In 1917, on this day Emperor Karl I abdicated the throne of the Habsburg Monarchy, heralding the dissolution of the Dual Monarchy.
Article continues from Part #2.
The Last Chance for Peace #3 By Steven FisherDomestic turmoil in Austria-Hungary had been steadily increasing ever since the signing of the Treaty of Berlin on August 2. The devastating Austrian defeat in the Third Balkan war, and the harsh terms given to it by the Russians, had greatly increased peoples dissatisfaction with the government. This, combined with a faltering Austro-Hungarian economy had turned people against the Habsburg Monarchy.
An unusually harsh winter, combined with the already existing economic deprivation, finally lit the tinderbox of revolution. On December 19, people took to the streets of Vienna, calling for an end to the Monarchy. The army and police were sent to stop them, but to the governments horror, some army units and policemen began siding with the rebels. The riots quickly spread from Vienna to the other parts of the Empire. Clashes began between protesters and army troops. But defecting troops managed to turn the tide in favor of the protestors, since many in the army blame the current government for getting them into a losing war, and having them fight for nothing. A loyalist Army group moving to attempt to rescue the King from his palace in Vienna is defeated in heavy street fighting.
Finally, the Republican forces break into the palace in Vienna, and force Karl I to abdicate the Habsburg throne. The Austro-Hungarian Empire is dissolved, with Austria and Hungary both breaking off and forming the Austrian Federation and the Republic of Hungary. Ethnic minorities in both nations attempt to break off and form their own nations, such as the Czechs in Austria, but their attempts fail. The Austrians are more compromising, and form a federation within which the Czechs have some autonomy.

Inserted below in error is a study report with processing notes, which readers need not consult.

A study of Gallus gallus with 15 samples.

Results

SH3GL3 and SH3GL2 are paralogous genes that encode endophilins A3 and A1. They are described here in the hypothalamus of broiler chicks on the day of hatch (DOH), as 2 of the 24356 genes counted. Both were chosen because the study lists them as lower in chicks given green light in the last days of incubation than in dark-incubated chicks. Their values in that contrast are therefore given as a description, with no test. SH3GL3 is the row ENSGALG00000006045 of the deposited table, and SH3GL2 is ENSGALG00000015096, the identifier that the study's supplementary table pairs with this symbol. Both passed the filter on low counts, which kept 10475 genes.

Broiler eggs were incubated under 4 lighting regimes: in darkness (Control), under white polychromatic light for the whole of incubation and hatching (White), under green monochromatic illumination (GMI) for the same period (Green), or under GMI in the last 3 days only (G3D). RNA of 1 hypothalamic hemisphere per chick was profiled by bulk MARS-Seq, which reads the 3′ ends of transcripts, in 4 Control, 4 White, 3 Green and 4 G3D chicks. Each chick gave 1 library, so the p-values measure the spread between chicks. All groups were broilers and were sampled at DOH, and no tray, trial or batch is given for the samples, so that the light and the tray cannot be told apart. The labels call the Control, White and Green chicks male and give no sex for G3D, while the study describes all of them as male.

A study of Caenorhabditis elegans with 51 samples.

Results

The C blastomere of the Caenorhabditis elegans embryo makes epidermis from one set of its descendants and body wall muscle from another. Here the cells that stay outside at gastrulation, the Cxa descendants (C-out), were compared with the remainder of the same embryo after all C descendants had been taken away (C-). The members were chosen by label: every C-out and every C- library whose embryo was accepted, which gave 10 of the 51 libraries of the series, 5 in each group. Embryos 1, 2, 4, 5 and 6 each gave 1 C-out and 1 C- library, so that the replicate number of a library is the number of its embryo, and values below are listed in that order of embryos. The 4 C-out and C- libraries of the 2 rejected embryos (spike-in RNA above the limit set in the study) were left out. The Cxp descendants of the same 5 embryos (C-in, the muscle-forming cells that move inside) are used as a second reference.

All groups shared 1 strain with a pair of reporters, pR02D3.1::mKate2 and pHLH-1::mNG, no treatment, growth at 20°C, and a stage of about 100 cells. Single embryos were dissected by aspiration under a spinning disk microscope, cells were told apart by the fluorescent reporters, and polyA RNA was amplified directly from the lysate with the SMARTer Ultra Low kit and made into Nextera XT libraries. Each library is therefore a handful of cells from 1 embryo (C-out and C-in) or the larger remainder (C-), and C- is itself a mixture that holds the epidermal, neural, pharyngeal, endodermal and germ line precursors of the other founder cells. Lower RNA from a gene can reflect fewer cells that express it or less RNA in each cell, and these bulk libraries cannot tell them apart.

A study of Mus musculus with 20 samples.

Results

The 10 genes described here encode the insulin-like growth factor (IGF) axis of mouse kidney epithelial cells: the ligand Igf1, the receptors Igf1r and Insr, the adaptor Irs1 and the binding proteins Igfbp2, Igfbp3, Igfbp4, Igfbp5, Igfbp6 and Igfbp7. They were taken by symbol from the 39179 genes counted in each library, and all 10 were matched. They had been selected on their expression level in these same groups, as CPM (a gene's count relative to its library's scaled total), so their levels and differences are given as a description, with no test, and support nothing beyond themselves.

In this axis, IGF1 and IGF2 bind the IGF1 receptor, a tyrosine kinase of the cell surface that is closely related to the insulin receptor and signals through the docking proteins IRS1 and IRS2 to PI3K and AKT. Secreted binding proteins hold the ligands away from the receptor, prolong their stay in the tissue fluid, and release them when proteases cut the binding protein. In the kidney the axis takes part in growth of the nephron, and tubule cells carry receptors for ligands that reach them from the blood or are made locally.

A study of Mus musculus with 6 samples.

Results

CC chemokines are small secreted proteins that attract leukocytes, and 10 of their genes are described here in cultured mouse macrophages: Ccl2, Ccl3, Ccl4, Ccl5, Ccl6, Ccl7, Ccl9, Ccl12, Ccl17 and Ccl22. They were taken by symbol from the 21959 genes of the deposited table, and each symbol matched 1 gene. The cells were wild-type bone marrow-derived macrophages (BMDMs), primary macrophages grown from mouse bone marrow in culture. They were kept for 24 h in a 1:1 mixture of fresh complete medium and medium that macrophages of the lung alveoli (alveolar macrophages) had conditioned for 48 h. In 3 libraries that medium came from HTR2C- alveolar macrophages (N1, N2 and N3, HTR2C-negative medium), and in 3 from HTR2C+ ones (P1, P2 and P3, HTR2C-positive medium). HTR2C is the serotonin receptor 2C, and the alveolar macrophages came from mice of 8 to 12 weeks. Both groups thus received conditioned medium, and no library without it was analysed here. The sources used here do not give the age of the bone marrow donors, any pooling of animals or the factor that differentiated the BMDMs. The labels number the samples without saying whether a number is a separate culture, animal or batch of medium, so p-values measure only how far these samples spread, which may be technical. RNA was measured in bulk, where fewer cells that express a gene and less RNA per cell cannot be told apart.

The peace was not to last though. On January 2, 1918, the Italians announce the annexation of Trentino, and march troops into the region. International condemnation of the move does occur, but the Italians brush it off by saying that they are taking this action to protect the Italaians living in the region, who they claim are suffering oppression from the Austrian authorities. The Austrians vehemently oppose this act, but cannot do anyhting, as their people are unwilling to fight a war.
Their inability to prevent the annexation of Trentino would spell the end of the Austrian government. On May 19, the Austrian military coups the government, establishing a German backed military dicatorship under Conrad Von Hotzendorf. It heralds the beginning of the poalrization around the powers of Russia and Germany, a situation that will inflame tensions between the two nations, and be a cause of World War 1 in 1921.